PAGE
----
State regulators weigh penalties against Southern California Gas for Aliso Canyon leak

Rodger Schwecke
An employee uses an infrared camera to detect a gas leak at Southern California Gas Co.'s Aliso Canyon storage facility near the Porter Ranch neighborhood of Los Angeles in January 2017.
(Jae C. Hong / Associated Press)

California regulators opened an investigation Thursday to consider penalties against Southern California Gas Co. for a massive 2015 natural gas leak blamed for sickening thousands of nearby residents and forcing them from their homes.

The California Public Utilities Commission made the decision in the wake of a May investigative report that concluded that the blowout at the Aliso Canyon gas well in Los Angeles resulted from a corroded pipe casing, safety failures by the utility and inadequate regulations.

The gas company failed to investigate previous well failures at the storage facility and didn’t adequately assess its aging wells for disaster potential before the Oct. 23, 2015, blowout, the report concluded.

The utility has 30 days to submit information to the PUC to show why it shouldn’t be sanctioned, the commission said.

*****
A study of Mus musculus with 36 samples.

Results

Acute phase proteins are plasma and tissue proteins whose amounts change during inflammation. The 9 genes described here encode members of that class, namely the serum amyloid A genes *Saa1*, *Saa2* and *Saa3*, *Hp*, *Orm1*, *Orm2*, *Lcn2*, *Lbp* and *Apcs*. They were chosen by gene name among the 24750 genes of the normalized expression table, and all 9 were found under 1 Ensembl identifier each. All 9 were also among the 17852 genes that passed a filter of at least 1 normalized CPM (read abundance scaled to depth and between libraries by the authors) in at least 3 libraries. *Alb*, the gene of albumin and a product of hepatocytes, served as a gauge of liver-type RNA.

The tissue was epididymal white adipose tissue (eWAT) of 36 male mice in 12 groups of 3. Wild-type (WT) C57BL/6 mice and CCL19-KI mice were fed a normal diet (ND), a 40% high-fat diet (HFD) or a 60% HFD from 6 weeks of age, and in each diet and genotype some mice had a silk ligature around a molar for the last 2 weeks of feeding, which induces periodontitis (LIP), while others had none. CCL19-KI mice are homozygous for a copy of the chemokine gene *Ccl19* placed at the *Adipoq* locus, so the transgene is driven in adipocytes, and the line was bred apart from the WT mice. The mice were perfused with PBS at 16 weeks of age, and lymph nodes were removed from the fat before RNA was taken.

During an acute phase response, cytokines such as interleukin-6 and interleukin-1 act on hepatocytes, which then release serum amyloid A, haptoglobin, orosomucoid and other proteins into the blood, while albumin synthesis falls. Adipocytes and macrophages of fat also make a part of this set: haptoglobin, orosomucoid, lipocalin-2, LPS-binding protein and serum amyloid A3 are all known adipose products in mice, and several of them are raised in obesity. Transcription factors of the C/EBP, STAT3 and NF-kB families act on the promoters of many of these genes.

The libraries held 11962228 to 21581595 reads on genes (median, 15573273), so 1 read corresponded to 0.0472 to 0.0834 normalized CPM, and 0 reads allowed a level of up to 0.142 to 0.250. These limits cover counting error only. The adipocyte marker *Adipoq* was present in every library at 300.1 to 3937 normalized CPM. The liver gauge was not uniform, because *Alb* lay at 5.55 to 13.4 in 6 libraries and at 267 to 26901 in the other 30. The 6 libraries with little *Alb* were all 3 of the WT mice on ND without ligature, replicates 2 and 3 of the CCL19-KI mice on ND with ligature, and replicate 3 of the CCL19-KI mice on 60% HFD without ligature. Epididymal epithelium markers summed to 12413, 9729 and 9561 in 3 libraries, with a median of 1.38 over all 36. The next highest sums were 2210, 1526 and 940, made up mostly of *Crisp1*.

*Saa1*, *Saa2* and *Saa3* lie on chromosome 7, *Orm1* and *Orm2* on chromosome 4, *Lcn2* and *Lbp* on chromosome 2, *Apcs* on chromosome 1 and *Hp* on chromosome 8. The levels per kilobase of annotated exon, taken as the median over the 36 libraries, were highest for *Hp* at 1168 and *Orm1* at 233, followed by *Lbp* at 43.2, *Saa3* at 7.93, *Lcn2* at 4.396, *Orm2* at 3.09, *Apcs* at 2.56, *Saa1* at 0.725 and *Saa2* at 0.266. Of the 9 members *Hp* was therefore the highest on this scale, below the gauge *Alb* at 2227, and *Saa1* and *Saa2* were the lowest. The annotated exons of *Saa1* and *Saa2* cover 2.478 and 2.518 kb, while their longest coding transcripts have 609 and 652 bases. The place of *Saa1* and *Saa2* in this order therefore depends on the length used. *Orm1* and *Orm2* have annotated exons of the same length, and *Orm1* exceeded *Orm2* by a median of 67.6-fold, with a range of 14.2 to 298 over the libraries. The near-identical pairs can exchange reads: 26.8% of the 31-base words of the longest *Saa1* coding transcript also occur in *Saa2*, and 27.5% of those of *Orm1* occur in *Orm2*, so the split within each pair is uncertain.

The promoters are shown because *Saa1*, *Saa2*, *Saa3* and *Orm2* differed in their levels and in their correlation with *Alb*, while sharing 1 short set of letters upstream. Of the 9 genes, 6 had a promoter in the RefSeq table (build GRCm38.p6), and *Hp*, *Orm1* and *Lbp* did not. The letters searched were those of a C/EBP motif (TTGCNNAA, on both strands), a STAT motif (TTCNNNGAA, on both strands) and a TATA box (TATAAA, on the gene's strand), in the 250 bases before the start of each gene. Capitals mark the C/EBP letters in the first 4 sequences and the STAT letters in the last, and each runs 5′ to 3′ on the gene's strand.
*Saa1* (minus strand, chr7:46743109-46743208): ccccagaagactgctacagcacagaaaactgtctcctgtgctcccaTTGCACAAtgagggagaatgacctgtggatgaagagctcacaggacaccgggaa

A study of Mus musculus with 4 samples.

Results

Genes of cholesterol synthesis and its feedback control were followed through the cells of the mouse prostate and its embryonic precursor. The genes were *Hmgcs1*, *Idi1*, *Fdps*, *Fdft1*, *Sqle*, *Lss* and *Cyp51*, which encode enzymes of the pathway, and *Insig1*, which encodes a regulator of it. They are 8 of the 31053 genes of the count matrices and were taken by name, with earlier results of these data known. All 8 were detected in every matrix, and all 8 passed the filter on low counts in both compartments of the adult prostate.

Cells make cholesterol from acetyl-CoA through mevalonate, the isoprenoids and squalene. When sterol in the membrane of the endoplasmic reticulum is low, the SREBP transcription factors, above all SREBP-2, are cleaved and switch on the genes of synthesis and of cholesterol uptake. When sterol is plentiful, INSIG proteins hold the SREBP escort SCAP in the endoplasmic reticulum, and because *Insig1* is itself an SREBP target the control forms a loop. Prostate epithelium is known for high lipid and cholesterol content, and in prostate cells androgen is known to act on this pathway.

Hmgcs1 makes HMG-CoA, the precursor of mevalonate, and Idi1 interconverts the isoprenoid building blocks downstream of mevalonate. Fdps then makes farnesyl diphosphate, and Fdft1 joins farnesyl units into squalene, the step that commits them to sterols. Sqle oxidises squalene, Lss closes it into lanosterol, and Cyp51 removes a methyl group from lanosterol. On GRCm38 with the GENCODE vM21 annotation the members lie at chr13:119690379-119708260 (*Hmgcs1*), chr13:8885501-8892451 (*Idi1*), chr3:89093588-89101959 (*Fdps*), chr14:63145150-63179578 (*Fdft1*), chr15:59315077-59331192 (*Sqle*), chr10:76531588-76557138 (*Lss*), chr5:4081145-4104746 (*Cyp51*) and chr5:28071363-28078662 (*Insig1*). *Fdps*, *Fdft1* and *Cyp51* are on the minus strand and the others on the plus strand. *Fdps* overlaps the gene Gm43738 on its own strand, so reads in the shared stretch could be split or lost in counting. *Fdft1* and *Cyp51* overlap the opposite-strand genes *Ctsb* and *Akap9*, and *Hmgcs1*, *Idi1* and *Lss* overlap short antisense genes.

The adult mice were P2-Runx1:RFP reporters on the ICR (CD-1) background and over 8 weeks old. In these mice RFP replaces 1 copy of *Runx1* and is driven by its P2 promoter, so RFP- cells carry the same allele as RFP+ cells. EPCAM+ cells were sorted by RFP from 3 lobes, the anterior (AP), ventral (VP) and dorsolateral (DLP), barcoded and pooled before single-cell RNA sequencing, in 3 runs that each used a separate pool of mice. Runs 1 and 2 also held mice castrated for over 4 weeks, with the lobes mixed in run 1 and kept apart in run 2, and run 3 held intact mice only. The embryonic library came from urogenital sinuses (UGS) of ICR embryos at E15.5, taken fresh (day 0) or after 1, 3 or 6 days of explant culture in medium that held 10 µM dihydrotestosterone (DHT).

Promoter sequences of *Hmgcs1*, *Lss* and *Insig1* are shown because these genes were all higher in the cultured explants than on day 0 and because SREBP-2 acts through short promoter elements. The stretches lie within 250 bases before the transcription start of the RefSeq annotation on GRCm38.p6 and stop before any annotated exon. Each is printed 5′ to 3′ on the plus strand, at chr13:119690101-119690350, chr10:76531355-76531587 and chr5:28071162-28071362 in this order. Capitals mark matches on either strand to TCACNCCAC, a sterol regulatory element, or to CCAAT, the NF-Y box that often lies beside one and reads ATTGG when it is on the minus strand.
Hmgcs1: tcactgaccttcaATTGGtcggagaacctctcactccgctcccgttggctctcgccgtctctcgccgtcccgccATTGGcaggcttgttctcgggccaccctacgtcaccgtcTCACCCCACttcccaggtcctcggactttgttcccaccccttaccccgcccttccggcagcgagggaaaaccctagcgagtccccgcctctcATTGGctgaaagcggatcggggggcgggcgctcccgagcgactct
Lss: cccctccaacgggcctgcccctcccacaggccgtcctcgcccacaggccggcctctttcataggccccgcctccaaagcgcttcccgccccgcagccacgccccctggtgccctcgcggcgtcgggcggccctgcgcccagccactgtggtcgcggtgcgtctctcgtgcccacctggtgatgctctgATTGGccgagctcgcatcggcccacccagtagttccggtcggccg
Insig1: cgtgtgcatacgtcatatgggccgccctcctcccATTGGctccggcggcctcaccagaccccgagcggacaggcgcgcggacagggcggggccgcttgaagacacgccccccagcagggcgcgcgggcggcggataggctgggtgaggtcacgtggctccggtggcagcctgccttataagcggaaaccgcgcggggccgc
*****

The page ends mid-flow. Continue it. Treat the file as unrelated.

“The safety of our employees, the public and the environment is at the heart of everything we do. Safety is not just part of our culture, it is the foundation that has helped our business thrive for more than 150 years,” gas company spokesman Chris Gilbride said in a statement. “We look forward to supporting the commission’s review and welcome its recommendations.”

The Aliso Canyon blowout lasted nearly four months, led to the largest known release of methane in U.S. history and was blamed for sickening thousands of residents, who moved out of their Porter Ranch homes in the San Fernando Valley to escape a sulfurous stench and a medley of maladies including headaches, nausea and nosebleeds.

In a study that appeared Wednesday in the peer-reviewed journal Environment International, researchers said air quality samples collected near the site during the blowout showed elevated levels of pollutants “known or suspected to be associated with serious health problems.”


New requirements put into place by state regulators after the blowout led to many of the wells being overhauled and updated and many others being sealed. The field is also not allowed to operate at full capacity.

Southern California Gas has spent more than $1 billion on the blowout and faces hundreds of lawsuits. It also reached a $120-million court settlement with the state attorney general and agreed to a $4-million settlement with Los Angeles County prosecutors after being convicted in Superior Court of failing to quickly report the leak to state authorities.